Giuseppe Verdi, James Levine, London Symphony Orchestra
Verdi: La Forza del Destino
Genre: Classical
 
This is the best all-around Forza recording available. Other sets have finer individual performances--Callas is unmatchable under Serafin, even though her singing is occasionally rough, and Price, years earlier under Tho...  more »

      
This is the best all-around Forza recording available. Other sets have finer individual performances--Callas is unmatchable under Serafin, even though her singing is occasionally rough, and Price, years earlier under Thomas Schippers, is in more even voice than she is here. Still, this set is the best overall presentation of this complex work. Much credit must go to conductor James Levine, who manages to keep the jumbly drama together. Even the rowdy military scenes seem to matter here, and having the iron-lunged Fiorenza Cossotto as Preziosilla is a plus. Domingo is at his most passionate, and his duets with Sherrill Milnes are golden experiences. And if you can overlook some of Price's occasionally bad habits--singing with a hollow lower register, scooping for effect--you're in for a treat. Bonaldo Giaiotti is not quite authoritative enough for Guardiano, but he'll do. This is a big, extroverted reading of this work, and it'll grab you and hold you. --Robert Levine
 

CD Reviews

The best recording of La Forza, despite a few flaws
The Cultural Observer | 01/08/2007
(5 out of 5 stars)

"La Forza del Destino, despite the several attempts to immortalize it on disc, has a discography devoid of any perfect recordings. It is an extremely complex work, with several extremely beautiful and exciting moments, and it is also very difficult to conduct and cast. The five principles needed for the opera require a mastery of Verdian singing, especially for the roles of Leonora di Vargas and Don Alvaro. The conductor is also faced with the challenge of setting the proper moods for the different setting that the opera takes place in. If the score is not as sophisticated as Aida, then La Forza is at least one of the most difficult scores to manage through due to the complex atmospheres Verdi requires of the conductor.

On to the recording's cast. I think no other recording of this Verdian masterpiece features such an amazing cast. Placido Domingo sings a definitive Alvaro with the passion and drama needed plus a voice in its most beautiful prime. I would say that after Corelli, he is my choice for Alvaro. Sherrill Milnes sings a Carlo with the venom needed and the vocal acting to make the role a memorable performance. I think that after Carlo Tagliabue, he is the ideal Don Carlo. Preziosilla is taken by the very charismatic and iron-lunged Fiorenza Cossotto. A truly memorable performance. Bonaldo Giaiotti isn't as ideal as Cesare Siepi in the role of Padre Guardiano, but his voice has all the gravitas needed and he sings the role quite well. Kurt Moll is luxurious casting in the small role of the Marchese di Calatrava, and Melitone is endearingly sung by Gabriel Bacquier. This brings us to the somewhat small weakness of the set--Leontyne Price's Leonora. Her high notes are radiant, the artistry is simply ravishing, and her sense of drama as the doomed Leonora is impeccable. However, her nonexistent lower register is problematic, especially in a role which often brings the voice down to those notes. Her diction is somewhat problematic too in this recording, with several of her vowels becoming "American". That aside, she is one of the most compelling Leonoras on disc, second only to Maria Callas as the doomed Vargas. I think the other Leonora of my choice would be Renata Tebaldi.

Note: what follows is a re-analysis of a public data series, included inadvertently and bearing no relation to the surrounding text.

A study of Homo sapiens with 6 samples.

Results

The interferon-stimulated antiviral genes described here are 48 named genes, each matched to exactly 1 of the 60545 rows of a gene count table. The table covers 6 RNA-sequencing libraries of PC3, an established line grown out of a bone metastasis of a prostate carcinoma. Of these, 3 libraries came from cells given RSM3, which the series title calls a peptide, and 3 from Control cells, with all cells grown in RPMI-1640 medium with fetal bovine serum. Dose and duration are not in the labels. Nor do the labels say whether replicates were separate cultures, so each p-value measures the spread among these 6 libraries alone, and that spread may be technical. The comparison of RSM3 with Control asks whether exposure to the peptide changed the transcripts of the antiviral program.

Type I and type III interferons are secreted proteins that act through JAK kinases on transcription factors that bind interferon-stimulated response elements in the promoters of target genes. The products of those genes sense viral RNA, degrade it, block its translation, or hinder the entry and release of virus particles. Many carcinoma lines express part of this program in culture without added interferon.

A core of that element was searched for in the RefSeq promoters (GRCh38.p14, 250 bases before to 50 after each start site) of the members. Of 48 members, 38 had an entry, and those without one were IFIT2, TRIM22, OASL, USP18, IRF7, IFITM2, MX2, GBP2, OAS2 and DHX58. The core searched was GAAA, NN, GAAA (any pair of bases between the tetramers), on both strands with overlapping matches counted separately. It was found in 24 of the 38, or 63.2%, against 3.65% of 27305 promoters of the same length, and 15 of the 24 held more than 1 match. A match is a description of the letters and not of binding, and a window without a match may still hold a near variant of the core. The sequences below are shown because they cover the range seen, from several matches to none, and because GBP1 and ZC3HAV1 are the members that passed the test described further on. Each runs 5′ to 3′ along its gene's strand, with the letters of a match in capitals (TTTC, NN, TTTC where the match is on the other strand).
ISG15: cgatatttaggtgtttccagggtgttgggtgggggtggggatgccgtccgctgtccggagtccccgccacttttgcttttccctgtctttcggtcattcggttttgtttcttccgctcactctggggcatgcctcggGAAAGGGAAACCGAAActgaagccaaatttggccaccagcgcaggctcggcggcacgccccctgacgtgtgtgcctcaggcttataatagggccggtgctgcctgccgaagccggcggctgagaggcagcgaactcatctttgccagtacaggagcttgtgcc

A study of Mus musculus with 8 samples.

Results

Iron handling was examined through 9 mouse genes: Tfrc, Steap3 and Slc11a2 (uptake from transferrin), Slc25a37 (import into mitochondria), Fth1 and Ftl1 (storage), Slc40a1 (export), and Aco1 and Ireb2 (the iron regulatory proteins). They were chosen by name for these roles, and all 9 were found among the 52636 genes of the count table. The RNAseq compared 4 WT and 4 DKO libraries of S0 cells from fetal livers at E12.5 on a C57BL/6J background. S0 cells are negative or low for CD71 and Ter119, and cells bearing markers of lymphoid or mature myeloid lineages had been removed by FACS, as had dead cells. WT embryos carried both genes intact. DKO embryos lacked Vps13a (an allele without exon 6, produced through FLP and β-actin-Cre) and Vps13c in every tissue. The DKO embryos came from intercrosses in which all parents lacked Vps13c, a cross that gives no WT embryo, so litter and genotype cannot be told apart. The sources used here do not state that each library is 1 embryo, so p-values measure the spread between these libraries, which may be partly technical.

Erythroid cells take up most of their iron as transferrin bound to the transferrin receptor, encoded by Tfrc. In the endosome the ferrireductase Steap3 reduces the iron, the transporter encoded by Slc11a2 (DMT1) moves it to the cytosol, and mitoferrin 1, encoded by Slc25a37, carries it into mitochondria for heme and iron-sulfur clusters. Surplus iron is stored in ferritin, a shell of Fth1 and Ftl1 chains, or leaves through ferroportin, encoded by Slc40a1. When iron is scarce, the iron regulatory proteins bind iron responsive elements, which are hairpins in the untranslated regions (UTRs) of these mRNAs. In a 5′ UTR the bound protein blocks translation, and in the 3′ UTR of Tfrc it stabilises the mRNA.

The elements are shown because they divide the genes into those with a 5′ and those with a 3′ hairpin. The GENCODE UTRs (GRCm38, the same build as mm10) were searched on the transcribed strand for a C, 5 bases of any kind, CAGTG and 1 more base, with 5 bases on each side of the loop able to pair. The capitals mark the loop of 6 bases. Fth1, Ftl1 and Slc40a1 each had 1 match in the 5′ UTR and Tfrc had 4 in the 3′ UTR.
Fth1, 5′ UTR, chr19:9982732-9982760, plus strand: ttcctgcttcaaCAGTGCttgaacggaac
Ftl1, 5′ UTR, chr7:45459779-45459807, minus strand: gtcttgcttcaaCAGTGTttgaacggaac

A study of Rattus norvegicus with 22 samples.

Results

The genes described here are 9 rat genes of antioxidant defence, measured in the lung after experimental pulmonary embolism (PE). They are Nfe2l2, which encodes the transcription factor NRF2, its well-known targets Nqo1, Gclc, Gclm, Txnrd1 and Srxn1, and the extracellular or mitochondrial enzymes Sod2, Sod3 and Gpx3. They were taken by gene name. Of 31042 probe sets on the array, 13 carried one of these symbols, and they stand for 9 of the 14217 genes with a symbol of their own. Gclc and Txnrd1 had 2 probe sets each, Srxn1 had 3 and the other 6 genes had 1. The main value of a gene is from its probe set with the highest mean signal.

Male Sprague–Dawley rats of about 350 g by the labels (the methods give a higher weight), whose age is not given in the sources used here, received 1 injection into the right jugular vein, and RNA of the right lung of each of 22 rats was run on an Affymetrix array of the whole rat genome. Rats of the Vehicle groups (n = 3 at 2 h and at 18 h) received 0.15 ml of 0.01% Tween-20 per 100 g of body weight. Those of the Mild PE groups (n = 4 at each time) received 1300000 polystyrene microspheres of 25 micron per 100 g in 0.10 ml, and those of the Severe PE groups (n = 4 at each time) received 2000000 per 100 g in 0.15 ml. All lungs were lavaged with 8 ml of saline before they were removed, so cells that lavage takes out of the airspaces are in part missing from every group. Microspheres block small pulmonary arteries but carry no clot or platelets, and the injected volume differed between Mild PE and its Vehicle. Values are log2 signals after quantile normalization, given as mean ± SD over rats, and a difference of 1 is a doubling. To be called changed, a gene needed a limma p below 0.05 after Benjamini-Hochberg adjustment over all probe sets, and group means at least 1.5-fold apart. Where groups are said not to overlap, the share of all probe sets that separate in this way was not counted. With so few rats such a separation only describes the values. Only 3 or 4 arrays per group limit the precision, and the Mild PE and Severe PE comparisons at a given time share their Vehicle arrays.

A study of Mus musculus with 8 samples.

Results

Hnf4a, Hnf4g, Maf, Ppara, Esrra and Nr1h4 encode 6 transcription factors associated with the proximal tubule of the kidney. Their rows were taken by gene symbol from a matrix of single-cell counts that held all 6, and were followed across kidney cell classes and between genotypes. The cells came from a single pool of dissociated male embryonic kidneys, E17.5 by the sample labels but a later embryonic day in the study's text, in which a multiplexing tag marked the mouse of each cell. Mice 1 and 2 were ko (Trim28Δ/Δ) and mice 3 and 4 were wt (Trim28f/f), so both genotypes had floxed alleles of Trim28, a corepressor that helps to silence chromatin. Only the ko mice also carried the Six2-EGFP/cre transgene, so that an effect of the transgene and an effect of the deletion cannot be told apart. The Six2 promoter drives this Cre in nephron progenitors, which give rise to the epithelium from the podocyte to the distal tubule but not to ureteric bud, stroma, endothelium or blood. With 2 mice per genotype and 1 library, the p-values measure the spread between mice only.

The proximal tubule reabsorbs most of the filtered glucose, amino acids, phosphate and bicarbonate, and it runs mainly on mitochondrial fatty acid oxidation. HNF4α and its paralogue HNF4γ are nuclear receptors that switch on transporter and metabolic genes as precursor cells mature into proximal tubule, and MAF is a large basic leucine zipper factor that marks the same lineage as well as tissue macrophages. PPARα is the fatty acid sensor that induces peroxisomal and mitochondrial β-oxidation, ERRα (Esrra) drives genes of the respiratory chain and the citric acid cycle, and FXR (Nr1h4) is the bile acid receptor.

Levine conducts an energetic, exciting, and true-to-the-score rendition of Verdi's score. If there ever were an ideal conductor for this opera, it would be Levine at this stage of his career. He sweeps through the score with the necessary passion and gravitas which make this opera such a favorite among Verdians."
Disjointed Annoying
W. Burton | NY & LA USA | 05/18/2008
(2 out of 5 stars)

"I remember buying this LP as a young man, my first "Forze". I'd known the opera as a boy and loved it. However, when I put this version on the turntable, I thought I'd bought the wrong work. I never listened to this annoyingly disjointed rendering again.

A few weeks later, I bought the strikingly brilliant Price, Tucker, Merrill "Forze" with Shippers conducting (1965?) and have never had need of any other. That's the version to get. That, and the Callas version."
Price is passed her prime
Indiana Opera Buff | Fort Wayne, IN United States | 01/07/2007
(4 out of 5 stars)

"I think people should be warned that even though this is a splendid recording in other ways, especially a golden performance from Placido Domingo, Leontyne Price, at 50 years old, is a bit passed her prime here. Her Pace, pace, mio Dio at the end is good (except for sharping the high pianissimo) but her voice in the rest of the opera seemed somewhat fragile, and she struggled with many of her high notes. Buying this recording would not be a waste of money, but you might be happier with the recording Miss Price made of this in the 1960's with Tucker, Merrill, Tozzi, and Verrett."